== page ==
Der Letzte Mann (The Last Laugh) (1925)
F.W. Murnau's German silent classic The Last Laugh (Der Letze Mann) stars Emil Jannings as the doorman of a posh Berlin hotel. Fiercely proud of his job, Jannings comports himself like a general in his resplendent costume, and is treated like royalty by his friends and neighbors. The hotel's insensitive new manager, noting that Jannings seems winded after carrying several heavy pieces of luggage for a patron, decides that the old man is no longer up to his job. The manager demotes Jannings to men's washroom attendant, and the effect is disastrous on the man's prestige and self-esteem. Logically, the film should end on a note of tragedy, but Murnau (either because he was ordered to by the producers or because he just felt like it) adds a near-surrealistic coda, wherein Jannings, having suddenly inherited a fortune, returns to the hotel in triumph. The Last Laugh was a bold experiment for its time: a film told entirely visually, with no subtitles save for the semi-satirical explanation of the climax. In a sense, Karl Freund's camera is as much a "character" as anyone else, commenting upon Jannings' rise and fall via then-revolutionary camera angles, jarring movements and grotesque lens distortions. Many historians credit The Last Laugh as the vanguard of the "German invasion" of Hollywood during the mid- to late-1920s. ~ Hal Erickson, Rovi … More
as The Daughter's Fianc...
as His Aunt
as Hotel manager
as Thin Neighbor
as The doorman's niece
as Her bridegroom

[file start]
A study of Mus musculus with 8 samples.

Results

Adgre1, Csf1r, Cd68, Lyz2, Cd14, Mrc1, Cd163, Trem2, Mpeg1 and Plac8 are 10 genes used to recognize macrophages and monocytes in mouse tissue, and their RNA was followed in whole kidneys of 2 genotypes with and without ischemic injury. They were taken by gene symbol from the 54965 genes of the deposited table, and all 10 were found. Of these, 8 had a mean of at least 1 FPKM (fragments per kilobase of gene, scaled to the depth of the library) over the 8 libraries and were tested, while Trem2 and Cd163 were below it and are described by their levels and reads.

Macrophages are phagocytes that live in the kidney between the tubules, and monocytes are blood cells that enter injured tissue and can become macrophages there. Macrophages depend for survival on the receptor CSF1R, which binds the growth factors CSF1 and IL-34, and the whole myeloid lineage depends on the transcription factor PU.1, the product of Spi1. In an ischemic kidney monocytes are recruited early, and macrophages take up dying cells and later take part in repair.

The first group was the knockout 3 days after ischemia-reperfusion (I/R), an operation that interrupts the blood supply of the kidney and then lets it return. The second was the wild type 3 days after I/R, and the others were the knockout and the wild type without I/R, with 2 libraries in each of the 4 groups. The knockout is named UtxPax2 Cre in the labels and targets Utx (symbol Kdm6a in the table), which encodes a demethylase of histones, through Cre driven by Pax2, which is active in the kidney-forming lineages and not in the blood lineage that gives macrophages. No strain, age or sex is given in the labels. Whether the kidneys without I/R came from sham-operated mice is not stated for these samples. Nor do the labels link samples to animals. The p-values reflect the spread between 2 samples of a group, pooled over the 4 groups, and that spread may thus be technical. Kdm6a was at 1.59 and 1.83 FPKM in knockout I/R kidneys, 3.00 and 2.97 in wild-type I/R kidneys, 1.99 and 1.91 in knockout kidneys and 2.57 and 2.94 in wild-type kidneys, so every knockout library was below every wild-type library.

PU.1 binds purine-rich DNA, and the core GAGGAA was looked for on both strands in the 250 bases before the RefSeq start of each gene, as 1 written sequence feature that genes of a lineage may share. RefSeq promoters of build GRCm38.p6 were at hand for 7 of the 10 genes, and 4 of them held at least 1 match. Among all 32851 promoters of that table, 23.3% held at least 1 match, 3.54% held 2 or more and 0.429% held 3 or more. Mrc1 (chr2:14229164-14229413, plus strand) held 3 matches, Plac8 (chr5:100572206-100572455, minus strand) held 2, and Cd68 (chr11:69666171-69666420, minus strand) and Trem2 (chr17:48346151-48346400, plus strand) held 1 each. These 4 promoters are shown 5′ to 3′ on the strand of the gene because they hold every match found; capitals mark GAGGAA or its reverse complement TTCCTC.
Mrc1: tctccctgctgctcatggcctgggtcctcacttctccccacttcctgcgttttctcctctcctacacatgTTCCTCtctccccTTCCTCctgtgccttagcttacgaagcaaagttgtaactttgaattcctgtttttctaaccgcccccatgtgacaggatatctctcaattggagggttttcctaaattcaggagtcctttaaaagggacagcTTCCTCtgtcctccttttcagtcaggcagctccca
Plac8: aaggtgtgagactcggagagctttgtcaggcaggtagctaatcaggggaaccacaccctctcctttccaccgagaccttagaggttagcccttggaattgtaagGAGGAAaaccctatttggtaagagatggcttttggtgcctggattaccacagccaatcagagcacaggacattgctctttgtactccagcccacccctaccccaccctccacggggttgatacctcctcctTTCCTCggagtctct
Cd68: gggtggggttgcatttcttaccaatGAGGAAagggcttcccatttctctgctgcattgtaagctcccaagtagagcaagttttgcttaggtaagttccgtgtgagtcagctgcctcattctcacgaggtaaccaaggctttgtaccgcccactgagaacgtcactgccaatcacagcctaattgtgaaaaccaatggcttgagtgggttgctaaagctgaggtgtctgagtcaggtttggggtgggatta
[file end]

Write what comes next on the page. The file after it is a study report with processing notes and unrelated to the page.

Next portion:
as Young Guest
as Guest with pointed b...
as Night Watchman
The 1924 film in which F.W. Murnau freed his camera from its stationary tripod and took it on a flight of imagination and expression that changed the way movies were made.
There are no titles in this film -- merely a few inserts to guide the viewer. And yet one is never in doubt as to the action of this admirable picture, which is a remarkable piece of direction, with exquisite lighting effects.
The film would be famous just for its lack of titles, and for its lead performance by Emil Jannings, which is so effective that both Jannings and Murnau were offered Hollywood contracts and moved to America at the dawn of sound.
One of Murnau's classic silent films features a great performance from Emil Jannings, who three years later became the first Best Actor Oscar winner.
Karl Freund's ground-breaking and historically important cinematography can still take the breath away.
Audience Reviews for Der Letzte Mann (The Last Laugh)
a groundbreaking film in nearly every possible way and one of the finest achievements of the silent era. it's broadly played but flows beautifully and contains only one title card! magnificent!
Great lighting and high contrast German silent film. It's a nice slice of life in 1924 Berlin. The famous director F.W. Murnau evokes many emotions. It's a work of art to look at. It feels really long and is sad. I felt sorry for the old walrus-moustached hotel doorman who lost his proud position.
A brilliant movie with great actors, director, and story. A classic.